The legendary automotive customizer Gene Winfield demonstrates hammer welding at the workshop held at Oceanside Kustoms Aug. 5-6. — Michael Briones photo

Local hot rod fans learn from a legend

Well-known automotive customizer holds workshop at Oceanside Kustoms

Local fans of classic cars and hotrods got a rare opportunity to learn from living legend Gene Winfield, who is known internationally for his creations of one-of-a-kind vehicles.

Oceanside Kustoms owner Paul Uren, who has become a good friend of Winfield after they worked together on several workshops and shows in the past, invited the well-known automotive customizer to come to the Island to go fishing. Winfield, whose unique automobile designs and creations have been sought-after by collectors all over the world, accepted the invitation and also agreed to hold a workshop in Parksville.

The workshop was held August 5-6 and it focused on metal shaping that included hammer welding, leading, basic metallurgy, metal repair, hammer and dolly, theory, shrinking, hole finishing, metal finishing and gas welding.

“It was truly an honour to have Gene here in our shop,” said Veronica Uren, Paul’s wife. “He has never been to the Island before. He only comes to Canada every once in a while because he travels around the world a lot.”

Twenty-one people attended the workshop and took advantage of the chance to pick the brain of the legend, who is more than willing to share what he knows to those who are willing to learn. Some took down notes while others had their smartphones out to capture some of the sessions on video.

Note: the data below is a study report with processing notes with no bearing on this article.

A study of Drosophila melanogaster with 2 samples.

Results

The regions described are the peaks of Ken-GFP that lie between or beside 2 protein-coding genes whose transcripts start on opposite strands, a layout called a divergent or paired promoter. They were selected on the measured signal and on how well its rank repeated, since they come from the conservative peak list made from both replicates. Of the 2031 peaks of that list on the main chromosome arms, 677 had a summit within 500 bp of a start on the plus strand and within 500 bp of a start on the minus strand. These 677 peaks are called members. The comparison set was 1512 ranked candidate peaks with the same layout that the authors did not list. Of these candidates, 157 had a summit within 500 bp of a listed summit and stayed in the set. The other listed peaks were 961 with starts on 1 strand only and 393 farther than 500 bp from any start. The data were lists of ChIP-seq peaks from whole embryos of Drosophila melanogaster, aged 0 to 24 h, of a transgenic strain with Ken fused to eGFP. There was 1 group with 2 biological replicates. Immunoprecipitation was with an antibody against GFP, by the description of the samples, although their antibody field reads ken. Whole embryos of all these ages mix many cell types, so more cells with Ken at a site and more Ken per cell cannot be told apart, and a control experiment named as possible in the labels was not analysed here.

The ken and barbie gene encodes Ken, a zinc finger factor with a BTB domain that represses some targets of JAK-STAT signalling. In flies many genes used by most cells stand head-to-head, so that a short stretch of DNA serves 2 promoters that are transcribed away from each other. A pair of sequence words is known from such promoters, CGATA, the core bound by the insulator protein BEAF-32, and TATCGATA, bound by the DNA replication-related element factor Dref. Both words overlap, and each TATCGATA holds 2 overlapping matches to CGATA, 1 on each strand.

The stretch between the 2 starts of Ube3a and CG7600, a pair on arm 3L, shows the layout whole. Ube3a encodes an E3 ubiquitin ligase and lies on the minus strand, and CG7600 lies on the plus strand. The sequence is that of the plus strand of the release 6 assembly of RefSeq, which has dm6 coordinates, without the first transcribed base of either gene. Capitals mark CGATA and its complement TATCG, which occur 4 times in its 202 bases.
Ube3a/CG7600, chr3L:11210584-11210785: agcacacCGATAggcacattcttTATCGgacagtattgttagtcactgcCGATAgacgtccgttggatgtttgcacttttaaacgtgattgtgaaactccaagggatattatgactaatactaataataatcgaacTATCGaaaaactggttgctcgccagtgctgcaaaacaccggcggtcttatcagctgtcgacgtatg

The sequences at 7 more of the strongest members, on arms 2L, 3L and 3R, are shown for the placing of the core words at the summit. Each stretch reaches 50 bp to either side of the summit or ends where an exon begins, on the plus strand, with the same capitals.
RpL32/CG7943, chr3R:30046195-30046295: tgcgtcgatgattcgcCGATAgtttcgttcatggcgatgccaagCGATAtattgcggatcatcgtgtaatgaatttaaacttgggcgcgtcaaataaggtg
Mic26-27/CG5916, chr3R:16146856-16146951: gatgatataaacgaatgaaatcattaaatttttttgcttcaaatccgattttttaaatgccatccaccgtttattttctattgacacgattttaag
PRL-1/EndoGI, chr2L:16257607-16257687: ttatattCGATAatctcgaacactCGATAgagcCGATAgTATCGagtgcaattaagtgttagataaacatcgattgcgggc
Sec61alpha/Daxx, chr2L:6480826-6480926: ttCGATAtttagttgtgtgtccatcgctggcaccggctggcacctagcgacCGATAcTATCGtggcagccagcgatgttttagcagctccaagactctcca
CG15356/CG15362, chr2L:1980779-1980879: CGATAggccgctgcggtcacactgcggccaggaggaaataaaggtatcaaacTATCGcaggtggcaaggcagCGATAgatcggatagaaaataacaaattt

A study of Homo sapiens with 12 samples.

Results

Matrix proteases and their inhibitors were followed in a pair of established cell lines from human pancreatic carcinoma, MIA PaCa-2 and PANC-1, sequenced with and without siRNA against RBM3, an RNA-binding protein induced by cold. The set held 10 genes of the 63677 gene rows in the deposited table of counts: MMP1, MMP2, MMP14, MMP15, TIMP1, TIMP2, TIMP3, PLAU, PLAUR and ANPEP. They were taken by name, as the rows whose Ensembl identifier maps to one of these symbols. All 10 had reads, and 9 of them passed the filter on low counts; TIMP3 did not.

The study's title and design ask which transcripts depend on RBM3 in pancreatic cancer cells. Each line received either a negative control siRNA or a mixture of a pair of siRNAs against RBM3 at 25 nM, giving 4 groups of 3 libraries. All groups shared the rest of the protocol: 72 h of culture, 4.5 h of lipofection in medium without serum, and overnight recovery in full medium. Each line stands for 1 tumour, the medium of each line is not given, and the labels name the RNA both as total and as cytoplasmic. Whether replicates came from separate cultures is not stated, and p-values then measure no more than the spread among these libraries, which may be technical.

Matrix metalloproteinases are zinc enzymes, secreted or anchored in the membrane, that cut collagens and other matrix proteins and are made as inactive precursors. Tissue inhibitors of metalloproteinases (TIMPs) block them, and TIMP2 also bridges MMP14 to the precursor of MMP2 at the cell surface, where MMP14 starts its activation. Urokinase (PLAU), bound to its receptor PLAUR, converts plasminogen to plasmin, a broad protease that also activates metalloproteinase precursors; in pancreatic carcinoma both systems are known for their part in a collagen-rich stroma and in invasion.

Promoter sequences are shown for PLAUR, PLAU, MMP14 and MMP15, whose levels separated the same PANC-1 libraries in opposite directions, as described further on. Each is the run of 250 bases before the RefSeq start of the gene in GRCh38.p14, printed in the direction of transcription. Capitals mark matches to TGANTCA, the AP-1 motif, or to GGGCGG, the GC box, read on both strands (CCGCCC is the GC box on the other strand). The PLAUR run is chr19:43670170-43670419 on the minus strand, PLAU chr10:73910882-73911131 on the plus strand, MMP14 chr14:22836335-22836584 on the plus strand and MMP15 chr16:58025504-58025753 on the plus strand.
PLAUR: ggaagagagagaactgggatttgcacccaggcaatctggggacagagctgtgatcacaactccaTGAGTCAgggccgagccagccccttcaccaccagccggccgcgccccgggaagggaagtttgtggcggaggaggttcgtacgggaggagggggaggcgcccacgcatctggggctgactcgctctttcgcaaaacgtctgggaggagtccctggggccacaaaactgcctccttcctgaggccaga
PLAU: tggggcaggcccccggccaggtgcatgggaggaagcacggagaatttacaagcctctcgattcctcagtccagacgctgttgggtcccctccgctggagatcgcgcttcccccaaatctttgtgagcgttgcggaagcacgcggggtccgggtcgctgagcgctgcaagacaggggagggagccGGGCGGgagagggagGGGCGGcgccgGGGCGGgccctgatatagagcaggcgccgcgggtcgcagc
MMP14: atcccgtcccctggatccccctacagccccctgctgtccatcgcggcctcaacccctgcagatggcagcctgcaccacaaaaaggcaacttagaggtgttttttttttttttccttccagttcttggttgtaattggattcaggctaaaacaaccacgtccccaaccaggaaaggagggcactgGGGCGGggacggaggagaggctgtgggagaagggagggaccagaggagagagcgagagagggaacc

The participants were in awe watching Winfield work. The American, who hails from California, is already 90 years old but he looks much younger.

Winfield had no assistants. He did all the work involved in the workshop. During his demonstration on the art of hammer welding, Winfield showed his adeptness and knowledge in handling the torches and in welding the metals with accuracy. He also showed his physical strength when he pounded on the searing metals to forge them.

“He doesn’t act like he’s 90 years old,” said Veronica. “You would never, never know it. We went dancing one night. We had dinner. He just goes and goes and doesn’t stop.”

“That’s how I want to do it,” Paul said of continuing in the customization business. “I guess I’ve got another 49 years ahead of me.”

The workshop was a success, said Veronica.

“The people who attended told us they’ve learned an enormous amount,” she said. “He started the day with the absolute basics and, by the end of it, people had a firm understanding of all the different topics that he touched on.”

If the opportunity arises again, the Urens plan to bring Winfield back to Parksville, she added.